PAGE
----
When plants are sick, they send signals human senses cannot detect. Cameras that are sensitive to infrared and electromagnetic radiation can though. For many years, scientists have been experimenting with ways to use this knowledge to detect plant pathogens at an early stage. Pablo J. Zarco-Tejada is a pioneer in this field of research. A professor of remote sensing and precision agriculture at the University of Melbourne and an honorary scientist at the IAS-CSIC in Spain, Zarco-Tejada was a senior scientist at the European Commission’s Joint Research Centre (JRC), where he worked on the XF-ACTORS and POnTE projects, leading the development of algorithms for the early detection of symptoms caused by X. fastidiosa using remote sensing technology. We spoke to him about the evolution of the remote sensing methodology.
In a 2018 paper, you led a group of scientists demonstrating that sophisticated airplane cameras can reveal X. fastidiosa infection in olive trees months before the symptoms are visible. How is this possible? Can you explain the concept in plain words?
Several physiological changes happen to infected plants. These changes cannot necessarily be seen by our eyes, particularly at the early stages of the infection. Nevertheless, after infection, the plant slowly reduces transpiration and photosynthesis, and specific plant pigments degrade or their concentration change. Such physiological changes are detectable using imaging spectroscopy and thermal imaging because specific spectral bands are sensitive to the induced stress.
What are the best devices for the airborne detection methodology? Airplanes, helicopters, drones, or satellites?
The methods to detect the symptoms caused by pathogens infecting vegetation are generally straightforward and feasible in controlled conditions and with uniform growing and management practices. At a large scale, we need technology and methods to obtain data and apply algorithms that account for the large variability in natural conditions. On a smaller scale, drones are suitable as they can carry hyperspectral and thermal cameras to image a few hectares. Larger scales, i.e., thousands of hectares, require larger airborne platforms generally piloted. If we deal with millions of hectares, satellite platforms are the only option.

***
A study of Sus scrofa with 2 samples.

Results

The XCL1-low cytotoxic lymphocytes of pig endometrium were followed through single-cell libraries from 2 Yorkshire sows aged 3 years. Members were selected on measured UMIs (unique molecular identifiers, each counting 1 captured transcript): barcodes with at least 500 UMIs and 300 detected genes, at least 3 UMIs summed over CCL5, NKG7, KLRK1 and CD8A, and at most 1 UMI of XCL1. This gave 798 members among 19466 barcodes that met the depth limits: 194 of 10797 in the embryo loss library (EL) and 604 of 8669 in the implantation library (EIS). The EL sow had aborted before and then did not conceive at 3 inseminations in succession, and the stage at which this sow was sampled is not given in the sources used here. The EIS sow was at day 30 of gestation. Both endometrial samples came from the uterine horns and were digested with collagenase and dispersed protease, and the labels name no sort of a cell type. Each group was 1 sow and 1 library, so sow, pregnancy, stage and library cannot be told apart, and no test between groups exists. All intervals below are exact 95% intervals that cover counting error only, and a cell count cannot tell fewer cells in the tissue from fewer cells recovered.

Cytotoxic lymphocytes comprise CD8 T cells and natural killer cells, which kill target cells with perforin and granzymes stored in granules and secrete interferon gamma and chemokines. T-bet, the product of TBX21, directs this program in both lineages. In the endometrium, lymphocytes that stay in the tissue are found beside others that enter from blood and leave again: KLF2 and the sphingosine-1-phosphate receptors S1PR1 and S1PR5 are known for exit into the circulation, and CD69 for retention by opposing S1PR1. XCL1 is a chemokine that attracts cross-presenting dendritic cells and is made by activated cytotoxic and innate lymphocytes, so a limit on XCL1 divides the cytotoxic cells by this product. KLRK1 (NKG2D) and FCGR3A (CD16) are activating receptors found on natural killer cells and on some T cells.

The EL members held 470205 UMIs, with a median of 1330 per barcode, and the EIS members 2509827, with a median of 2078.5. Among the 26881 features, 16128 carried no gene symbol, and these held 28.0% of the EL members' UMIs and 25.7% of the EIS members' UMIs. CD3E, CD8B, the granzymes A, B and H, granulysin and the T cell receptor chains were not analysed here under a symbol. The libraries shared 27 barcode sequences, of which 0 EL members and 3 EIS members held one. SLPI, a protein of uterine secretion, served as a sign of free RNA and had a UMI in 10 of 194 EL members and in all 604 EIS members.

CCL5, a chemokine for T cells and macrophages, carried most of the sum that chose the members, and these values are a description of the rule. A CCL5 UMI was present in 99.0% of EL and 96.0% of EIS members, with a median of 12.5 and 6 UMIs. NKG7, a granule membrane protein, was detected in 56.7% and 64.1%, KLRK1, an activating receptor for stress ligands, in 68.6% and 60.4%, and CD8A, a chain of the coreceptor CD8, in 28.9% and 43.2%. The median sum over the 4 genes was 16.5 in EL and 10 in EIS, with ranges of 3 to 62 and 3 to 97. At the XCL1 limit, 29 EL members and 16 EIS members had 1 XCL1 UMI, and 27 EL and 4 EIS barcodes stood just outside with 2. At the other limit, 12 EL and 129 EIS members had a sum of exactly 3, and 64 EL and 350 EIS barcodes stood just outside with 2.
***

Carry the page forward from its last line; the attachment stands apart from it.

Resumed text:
How can the specific epidemic’s context and features affect the remote detection strategy?
In general, we can say that drones and planes are a solution for the early detection of diseases at a limited scale. The spectral quality and level of spectral and spatial detail obtained by drones and piloted aircraft are far superior to what we can do with satellites. At the same time, satellites can be compatible with mapping infected areas at intermediate and advanced levels of severity.
How will the BeXyl project contribute to the evolution of the methodology?
The remote sensing work we are carrying out as part of BeXyl will expand the number of species accounted for in the detection algorithms, such as grapevines, citrus, and berries, in addition to olive and almond, and will evaluate the detection methods using hyperspectral satellite imagery. That will allow the development of methods for global monitoring of Xylella on some of the most important horticultural crops worldwide.
How long shall we wait before having those systems applied in the real world?
With the launch of more hyperspectral satellites and the availability of hyperspectral and thermal sensors on board drones and aircraft, it is a matter of time before governments and international organizations invest resources in operational surveillance methods at country or regional levels. The surveillance programs will require the combined efforts of drones, aircraft, and satellites, along with field evaluations, to provide proper detection protocols for early warning and mapping areas under intermediate and advanced infection levels.
Can precision agriculture contribute to early detection on the ground?
Definitely, yes, because sensors on board mobile platforms, both terrestrial and airborne, can provide the required data to detect stress induced by pathogens. In a recent paper, we demonstrated that spectral data could separate the stress induced by pathogens from that due to abiotic causes, such as lack of water or nutrients. The progress made in the last 20 years in imaging spectroscopy and thermal imaging, and the miniaturization of the technology, enable the use of sensors in precision agriculture that can detect biotic-induced stress at the early stages of infection, a critical aspect for strengthening biosecurity.
What is the attitude towards Xylella fastidiosa in Australia?
X. fastidiosa is the number one threat to Australia regarding biosecurity, and measures are in place as part of preparedness programs. The Government and industries are investing in technology and methods to be ready in case X. fastidiosa is identified in Australia. Remote sensing has been the focus of projects funded by Australia to prepare algorithms and expertise for X. fastidiosa detection and other harmful diseases already present in this country. International collaboration is critical in biosecurity, which is why the University of Melbourne is a partner of BeXyl, along with stakeholders interested in the results of this project.